Herbs to Avoid While Trying to Conceive
There are many, many things on the market that you can take to boost preconception health and help you become pregnant. You can buy them in the health food store, in the drug stores, in the supermarkets, online, and more.
BUT HEADS UP: If they are a supplement or an herb, there is no FDA (Food and Drug Administration) approval needed. They are not tested for efficacy or for genuineness, or even for possible deleterious effects.
In other words, you won't know whether these herbs/supplements are good for you or not.
If you're trying to conceive naturally, are they helpful to your fertility?
If you're going through fertility treatment, are they counteractive to your treatment medication?
They could be waste of money at best and harmful at worst.
Here's the thing... due to the fact of deregulation and lack of research, we don't know.
The Herbs Effect on Your Fertility: Before and During Pregnancy
Advice for Males and Females: Beware – Not All Are Safe for Fertility
Many herbs can negatively affect male and female fertility as well as health during pregnancy.
Please notify your physician of all herbs and supplements you are currently taking or are considering taking.
Because product purity and dosage cannot be guaranteed in the United States for herbs, vitamins, minerals, and other supplements, they are not completely without risk.
What About Herbal Teas Labeled as "Safe During Pregnancy?"
The guidelines that apply to "safe herbal teas" during pregnancy only hold true when intake remains low - no more than 16 oz per day for each of the safe teas and according to manufacturer’s labels on others.
Why? Many teas have tannins which bind to iron and folate and will reduce your iron and folate storage.
Reducing your iron and folate intake can be a big deal when #TTC. Check out this blog all about how important folic acid is for a healthy pregnancy and healthy baby. Long story short: It's VERY important.
What Herbs /Supplements Are Safe for Preconception & Pregnancy?
The jury is still out on this one, unfortunately.
Here are some things to keep in mind:
- As previously mentioned, there's no regulation on herbs/supplements. How do you know what you're buying is legit?
- What if you already have hormonal issues like PCOS, do you know how a particular herb with react with your specific case?
- What if you're taking multiple supplements or other medication? How will the one herb/supplement react with the rest?
- Finally, will this interfere with your fertility cycle? Will it be counterproductive or counteractive to the medications your fertility specialist has prescribed you?
Can Herbs or Supplements Affect My Fertility Journey?
We sure hope not... but again, the lack of research and regulation make "knowing" difficult.
As a fertility clinic, we are here to help you with your family building dreams. After all, it's our dream for you, too! That's why we strongly urge you to steer clear of herbs while you're cycling with us. We would never want you to hurt your chances at conceiving because of a false promise on a label or an understudied claim.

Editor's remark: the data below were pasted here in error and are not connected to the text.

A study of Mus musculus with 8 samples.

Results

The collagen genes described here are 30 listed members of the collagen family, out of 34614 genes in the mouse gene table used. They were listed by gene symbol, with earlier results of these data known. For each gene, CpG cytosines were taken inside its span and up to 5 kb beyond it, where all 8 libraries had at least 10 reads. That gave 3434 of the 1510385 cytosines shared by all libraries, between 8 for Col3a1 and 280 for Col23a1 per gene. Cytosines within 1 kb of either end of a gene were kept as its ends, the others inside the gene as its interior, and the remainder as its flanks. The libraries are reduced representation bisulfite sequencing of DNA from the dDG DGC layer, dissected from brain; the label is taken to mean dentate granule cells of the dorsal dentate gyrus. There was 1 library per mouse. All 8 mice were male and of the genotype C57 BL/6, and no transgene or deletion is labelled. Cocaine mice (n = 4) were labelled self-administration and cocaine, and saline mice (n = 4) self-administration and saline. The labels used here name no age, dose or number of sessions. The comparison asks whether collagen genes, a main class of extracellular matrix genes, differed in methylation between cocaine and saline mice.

A Fertility Clinic's Herb and Supplement Recommendation
At RMA of Connecticut, our number one recommendation for those trying to conceive, whether naturally or with a fertility clinic, is to take a prenatal vitamin for at least three months before trying to conceive (all part of our pre-conception wellness checklist).
Need help picking out your prenatal vitamin?
Bottom line: this is something you'll want to discuss in consult with your physician.
Need help finding a doctor that will help you in your family building journey? We've created a step-by-step guide in finding the right fertility specialist for you. Check it out here!
Lisa has over thirty years of experience in the fertility field. After her personal infertility journey, she felt dissatisfied with the lack of comprehensive services available to support her. She was determined to help others undergoing fertility treatment. Lisa has been with RMACT for eleven years and serves as Patient Advocate and the Strategic Content Lead.
Lisa is the teacher and founder of Fertile Yoga, a program designed to support men and women on their quest for their families through gentle movement and meditation.
Lisa’s true passion is supporting patients getting into treatment, being able to stay in treatment and staying whole and complete throughout the process. Lisa is also a Certified Grief Recovery Specialist, which is helpful in her work with fertility patients.
Her experience also includes working with RESOLVE: The National Infertility Association and The American Fertility Association (now Path2Parenthood), where she was Educational Coordinator, Conference Director and Assistant Executive Director.